Ice, fire, back to ice
After a month helping firefighting efforts in Australia, BLM Alaska Fire Service Associate Manager Kyle Cowan left the 112-degree weather in Sydney, and returned on to 33-below-zero temperatures in Fairbanks Jan. 5.
“It was brutal,” Cowan said about the 145-degree difference.
Cowan was the first of six BLM Alaska Fire Service employees trading the Alaska winter for Australia’s summer to help with the country’s unprecedented fire season.
Cowan was the first of six BLM AFS employees trading the Alaska winter for Australia’s summer to help with the country’s unprecedented fire season. Alaska Interagency Coordination Center Manager Ray Crowe joined Cowan as a liaison in mid-December. The others are Training Specialist Adam Kohley as a food unit leader; firefighters Alaska Smokejumper Evan Karp and Chena Hotshot Dylan Brooks; and Air Tanker Base Manager Ted Plumlee.
According to the National Interagency Fire Center, as of Jan. 14 there were 166 federal firefighting personnel from the U.S. Forest Service and the Department of the Interior deployed to a variety of firefighter, wildfire and aviation management roles New South Wales and Victoria. More than 60 are BLM employees.
Part of the reason why Australia’s fire season has been so severe is the dominant vegetation for burning, bushes and eucalyptus trees, have been stressed by prolonged dry, hot conditions. Much like black spruce in Alaska, eucalyptus trees produce resin that, combined with its oily leaves, is very flammable and can cause a fire to spot ahead for miles.
This has resulted in more 24 million acres burned across the country. More importantly 28 people died in connection to the bushfires, including five Australian firefighters.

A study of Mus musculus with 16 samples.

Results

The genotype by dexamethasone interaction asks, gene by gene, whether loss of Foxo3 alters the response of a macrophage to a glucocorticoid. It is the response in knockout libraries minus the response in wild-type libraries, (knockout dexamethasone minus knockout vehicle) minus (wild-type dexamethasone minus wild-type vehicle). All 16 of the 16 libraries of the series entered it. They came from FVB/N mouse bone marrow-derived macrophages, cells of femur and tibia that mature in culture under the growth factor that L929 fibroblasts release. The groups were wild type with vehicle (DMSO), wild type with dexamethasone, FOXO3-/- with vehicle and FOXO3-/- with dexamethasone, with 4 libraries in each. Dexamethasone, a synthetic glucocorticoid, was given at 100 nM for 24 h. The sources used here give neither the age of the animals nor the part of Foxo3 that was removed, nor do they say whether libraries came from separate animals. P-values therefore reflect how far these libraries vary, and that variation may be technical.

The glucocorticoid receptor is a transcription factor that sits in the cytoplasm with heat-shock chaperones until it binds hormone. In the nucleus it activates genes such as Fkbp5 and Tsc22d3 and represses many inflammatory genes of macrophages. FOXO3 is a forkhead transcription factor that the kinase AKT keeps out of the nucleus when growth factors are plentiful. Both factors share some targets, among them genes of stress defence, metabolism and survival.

More BLM AFS personnel have signed up to deploy if needed to fill requests NIFC predicts could continue to March – about the time when BLM AFS starts training for Alaska’s fire season.
All foreign firefighters undergo orientation briefings in the first few days of their deployment that include learning about the weather, the vegetation type, the different equipment, the different terminology augmented by the Aussie accents, and the different critters in the Land Down Under. Learning to drive on the left side of the road and sitting on the right side of the car was very hard to get used to, Cowan said.
As a liaison working out of the New South Wales State Operations Centre in Sydney, Cowan navigated pay matters and synchronized firefighting abilities for the incoming Americans with needs on the ground. After accomplishing these tasks, he was able to visit the roughly 50 American firefighters in the field throughout NSW. With Cowan’s return to Alaska, welcoming and guiding firefighters through their deployments, taking care of their administration and checking on them in the field was turned over to Crowe and National Park Service Alaska Regional Fire Management Officer Chuck Russell.
Cowan said the Canadians and Americans injected a moral boost to Australia’s mostly volunteer firefighting force that has battled the bushfires for about five months. Cowan said it was clear the Australians were tired, but they are very proud of their duty as volunteers.
“At that time, we were small in number, but pretty mighty in morale,” Cowan said. “Even if it was just being able to give a person a day off” or bringing in fresh energy and ideas.
“(Australians) are major coffee lovers. Sometimes it was just as simple as buying a cup of coffee,” he said. “They’re just the nicest people that I could have ever imagined.”